Free-ranging and feral cats lead complex and busy lives. They maintain far larger territories than most people realize, and these territories often contain a variety of environments, such as forests, farmlands, urban gardens and yards. Within these territories, cats explore, hunt and scavenge for food alone. They only occasionally interact with other cats. They don’t live in groups or even pairs, and they don’t seek out contact with other cats. In fact, they actively avoid it. Considering this natural behavior of cats, it isn’t surprising that it can be very difficult to introduce a new cat into an established cat’s territory, even when that territory is your home.
If you’re bringing a new cat into your home, be patient. The introduction must be gradual. Following the initial introduction, it can take a very long time for a relationship to grow. It takes most cats 8 to 12 months to develop a friendship with a new cat. Although some cats certainly become close friends, others never do. Many cats who don’t become buddies learn to avoid each other, but some cats fight when introduced and continue to do so until one of the cats must be rehomed.
If your resident cat becomes aggressive when she sees other cats outside your home, you’ll probably have a difficult time introducing a new cat into your household. If your cat has lived harmoniously with other cats in the past, the odds are good that she’ll adjust to a newcomer. However, it’s impossible to predict whether or not any two individual cats will get along.
Unfortunately, there are no reliable guides for deciding the best matches among cats. Some cats are very social and enjoy living with other cats, while others prefer solitary lives. The individual personalities of the cats are more important than any other factor, such as sex, age or size. Be aware that the more cats you have, the higher the likelihood that there will be conflicts among them.
How to Manage Introductions
Step 1: Controlling First Impressions
The first impression a new cat makes when she meets your resident cat is critical. If two cats display aggression during their first meeting, this may set the mood for their future relationship. For this reason, it’s best to separate your resident cat from your new cat when you first bring her home so that you can control their initial meeting.
- The two cats should be able to smell and hear—but not see or touch—each other.
- Each cat should have her own food and water bowl, litter box, scratching post, bed, etc.
- Feed the cats near the door that separates them so they learn that coming together (even though they can’t see each other) results in a pleasant experience.
- In addition to regular cat food, feed the cats extra-special treats near the door as well, like tiny pieces of tuna, salmon, cheese, chicken or liver.
- After two to three days, switch the cats’ locations so they can investigate each other’s smell. This also allows the new cat to explore a different section of your home.
- Some behaviorists suggest rubbing the cats separately with the same towel to intermix their scents. First gently rub one cat with the towel. Then rub the other cat. After the towel carries both cats’ scents, bring the towel back to the first cat and rub her with it again.
- After a few more days, play with each of the cats near the door. Encourage them to paw at toys under the door. Eventually the cats may play “paws” under the door with each other.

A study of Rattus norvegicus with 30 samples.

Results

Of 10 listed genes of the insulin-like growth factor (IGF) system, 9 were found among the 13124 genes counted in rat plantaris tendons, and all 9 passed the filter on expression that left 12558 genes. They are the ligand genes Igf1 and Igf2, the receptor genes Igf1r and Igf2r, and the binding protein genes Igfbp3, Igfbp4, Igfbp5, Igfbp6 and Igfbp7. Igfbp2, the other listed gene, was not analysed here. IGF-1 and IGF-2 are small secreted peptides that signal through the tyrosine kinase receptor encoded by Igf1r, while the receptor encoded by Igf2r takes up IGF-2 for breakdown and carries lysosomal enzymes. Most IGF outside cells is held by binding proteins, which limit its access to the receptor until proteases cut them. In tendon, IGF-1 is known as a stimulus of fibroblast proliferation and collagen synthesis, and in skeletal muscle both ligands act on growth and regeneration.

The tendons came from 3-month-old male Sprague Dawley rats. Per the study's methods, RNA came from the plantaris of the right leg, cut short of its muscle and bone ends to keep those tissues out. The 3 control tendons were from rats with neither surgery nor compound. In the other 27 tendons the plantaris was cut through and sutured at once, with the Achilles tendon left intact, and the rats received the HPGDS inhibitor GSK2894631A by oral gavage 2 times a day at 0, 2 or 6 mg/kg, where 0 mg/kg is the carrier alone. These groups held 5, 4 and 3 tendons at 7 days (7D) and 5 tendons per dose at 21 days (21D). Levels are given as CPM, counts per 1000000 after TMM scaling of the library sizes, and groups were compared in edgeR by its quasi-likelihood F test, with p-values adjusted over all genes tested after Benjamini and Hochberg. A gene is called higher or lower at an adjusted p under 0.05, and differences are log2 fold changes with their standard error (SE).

Step 2: Letting the Cats See Each Other
After a week or so, assuming that you see no signs of aggression at the door (no hissing, growling, etc.), you can introduce the cats to each other. One method is to replace the door with a temporary screen door so that the cats can see each other. If you can’t use a screen door, you can try using two baby gates positioned in the door jam, one above the other. Ask a friend or family member to help you with the introduction. Have one cat and one person on each side of the door, and start the introduction by setting each cat down a few feet away from the screen or gates. When the cats notice each other, say their names and toss treats to them, aiming the treats behind them. Over the next few days, continue to encourage feeding, eating treats and playing near the barrier, gradually offering the cats’ meals, treats and toys closer to the screen.
Step 3: Letting the Cats Spend Time Together
The next stage is to permit the cats to spend time together without a barrier between them. Supervise these initial face-to-face interactions carefully.
- It‘s good to bring the cats together when they are likely to be relatively calm, such as after a meal or strenuous play.
- Keep a squirt bottle handy in case the cats begin to fight.
- As the cats become more familiar with each other, allow them longer and longer periods of time together.
- If one cat spends most of her time hiding, or if one cat continuously harasses and pursues the other, please read our article, Finding Professional Help , for information about locating a qualified expert, such as a Certified Applied Animal Behaviorist (CAAB or ACAAB) or a board-certified veterinary behaviorist (Dip ACVB).
If you’re bringing a new cat into a household with multiple cats, introduce each resident cat to the newcomer individually. After each of your cats has met the new cat one-on-one, you can start to allow all of the cats to mingle as a group.
Your cats will be more likely to get along if they’re happy in their environment. Look at the layout of your home. Make sure there are plenty of hiding spots for your cats. Some like to sit up high, on shelves and on kitty condo perches. Frightened cats, on the other hand, tend to hide under and behind things, so make sure you provide spots at floor level as well. Place food, water and litter boxes out in the open so your cats don’t feel trapped when they access these resources. Make sure you have a litter box for each cat, plus at least one extra.